If My Body Could Speak by Blythe Baird
Button Poetry, 2019; 104 pp
Reviewed by Sarah Senseny


Although Blythe Baird’s If My Body Could Speak focuses unashamedly and unblinkingly on the experiences of young girls in high school, this is no retrospective anthem to the “good old days” but is rather a savage glimpse into eating disorders, feminism, rape, toxic relationships, LGBTQ identity, and puberty. Brutally honest, Baird shapes the world of the adolescent female into a playground filled with razors—the sheer pain and confusion of being born a woman.  From her personal history, Baird recounts moments and people that molded her into the person she is today, for better or worse.

Most people remember the rough times in high school, but Baird catches each sickly sour moment and fashions it into a collection of poetry that speaks to the universal female experience. Baird brings that vision uncomfortably close—almost as if, by recalling her own experience, she can conjure in the readers’ minds faces of their friends who have struggled with disordered eating. And Baird doesn't shy away from the gruesome and ghastly horrors of eating disorders, painting one of her friends as a “chandelier of bones.” With simple yet effective phrasings such as this, Baird shows her strength in lashing the reader with this brutal experience.

One of the bravest ways Baird uses her poetry is through her stories of surviving rape. As there are several poems on this subject in the book, some might say they encompass too much space, but for Baird, and many other women and girls, this subject has lacked a voice for too long. Baird speaks honestly about her past and about the events that impressed themselves upon her mind most vividly—unfortunately, that means rape. Although she speaks about her personal experience with the subject, she makes it clear that it in no way touches only her life; she shows that it universally effects teenage girls. In one poem that mimics a call to a sexual assault victims hotline, Baird writes “She chirps, / The first thing / you need to know / is that you are / not alone. / I tell her, I know. / That’s what I’ve been / trying to tell you.” Though Baird constructed the poem in a manner short and simple, the poignancy of the message creates a lasting impression—a sucker-punch to the gut. This poem does some heavy-lifting for the book in terms of stretching the gap between author and reader. Baird evokes discomfort in the realization of the universality of the experience for women.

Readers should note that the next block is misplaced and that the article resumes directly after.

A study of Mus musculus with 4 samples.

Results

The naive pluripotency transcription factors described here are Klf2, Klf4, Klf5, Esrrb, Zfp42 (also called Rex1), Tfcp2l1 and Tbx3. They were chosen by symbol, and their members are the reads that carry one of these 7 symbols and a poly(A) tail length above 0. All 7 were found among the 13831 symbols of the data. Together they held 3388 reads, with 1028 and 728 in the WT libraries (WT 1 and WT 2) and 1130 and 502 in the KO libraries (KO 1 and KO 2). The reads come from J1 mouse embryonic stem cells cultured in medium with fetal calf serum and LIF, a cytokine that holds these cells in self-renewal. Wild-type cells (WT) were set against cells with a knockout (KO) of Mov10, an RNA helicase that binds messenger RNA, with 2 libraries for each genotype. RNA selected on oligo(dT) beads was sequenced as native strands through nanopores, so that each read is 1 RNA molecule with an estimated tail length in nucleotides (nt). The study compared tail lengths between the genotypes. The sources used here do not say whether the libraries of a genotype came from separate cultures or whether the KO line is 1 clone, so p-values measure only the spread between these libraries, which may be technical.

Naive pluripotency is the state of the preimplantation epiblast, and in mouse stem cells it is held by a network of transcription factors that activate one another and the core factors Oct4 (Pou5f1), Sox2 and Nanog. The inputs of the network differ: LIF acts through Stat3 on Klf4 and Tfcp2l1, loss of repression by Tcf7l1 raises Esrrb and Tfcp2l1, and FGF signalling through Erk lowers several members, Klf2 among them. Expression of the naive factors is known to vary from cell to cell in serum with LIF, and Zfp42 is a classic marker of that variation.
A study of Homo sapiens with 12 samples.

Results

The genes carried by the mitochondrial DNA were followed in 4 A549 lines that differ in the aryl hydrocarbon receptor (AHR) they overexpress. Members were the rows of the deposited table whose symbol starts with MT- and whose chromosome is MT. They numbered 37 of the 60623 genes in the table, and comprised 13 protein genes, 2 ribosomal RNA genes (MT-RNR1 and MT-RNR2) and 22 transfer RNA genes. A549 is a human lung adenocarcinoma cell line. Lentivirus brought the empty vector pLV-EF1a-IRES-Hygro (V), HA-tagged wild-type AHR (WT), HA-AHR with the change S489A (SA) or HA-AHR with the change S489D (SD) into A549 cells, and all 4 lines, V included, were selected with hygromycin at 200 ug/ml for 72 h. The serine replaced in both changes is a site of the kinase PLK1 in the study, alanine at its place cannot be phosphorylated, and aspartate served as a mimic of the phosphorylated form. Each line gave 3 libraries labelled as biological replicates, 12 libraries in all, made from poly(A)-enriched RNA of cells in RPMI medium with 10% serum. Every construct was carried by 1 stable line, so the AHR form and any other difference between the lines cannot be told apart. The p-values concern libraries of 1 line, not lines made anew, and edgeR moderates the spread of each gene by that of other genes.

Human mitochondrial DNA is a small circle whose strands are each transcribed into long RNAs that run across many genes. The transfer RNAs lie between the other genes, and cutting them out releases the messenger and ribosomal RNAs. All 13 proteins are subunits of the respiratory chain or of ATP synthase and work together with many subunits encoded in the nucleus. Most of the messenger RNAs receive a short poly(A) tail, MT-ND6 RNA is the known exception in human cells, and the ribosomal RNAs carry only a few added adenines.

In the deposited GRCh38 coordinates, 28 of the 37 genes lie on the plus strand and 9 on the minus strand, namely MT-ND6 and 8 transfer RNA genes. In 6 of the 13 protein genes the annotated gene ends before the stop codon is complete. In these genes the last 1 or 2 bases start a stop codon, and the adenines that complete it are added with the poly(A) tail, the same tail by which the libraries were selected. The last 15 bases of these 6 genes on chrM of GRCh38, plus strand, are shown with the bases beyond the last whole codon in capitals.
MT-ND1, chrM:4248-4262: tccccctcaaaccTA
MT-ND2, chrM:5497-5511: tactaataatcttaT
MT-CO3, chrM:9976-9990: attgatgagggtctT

Another aspect that marks a poignancy in the book is Baird’s simple communication of the absolute confusion and subtle fear of coming into womanhood; all the gruesome sexual experiences, periods, and boys/men. As a girl growing into the skin of a woman, the discovery of being gay, the experience of a first period, and the relationship with her mother and father—each of these tore her, pushing her onto different paths with no guidance or resources. Particularly, the confusion about sexual identity and the second-guessing of oneself connects in honesty with the reader. This shows in her poem, "The Lesbian Reevaluates," where she says, “if it turns out I’m not 100% gay, / who do I ask to forgive me?” Baird shows the confusion of growing through phases where one needs labels and the questioning and second-guessing whether those labels, like new clothes, actually fit. This once again shows the brutal honesty in Baird’s poetry— that identity is slippery for everyone. Through this pin-point honesty, Baird endears the reader and embodies the comfort in a mother’s arms, saying, “me too.”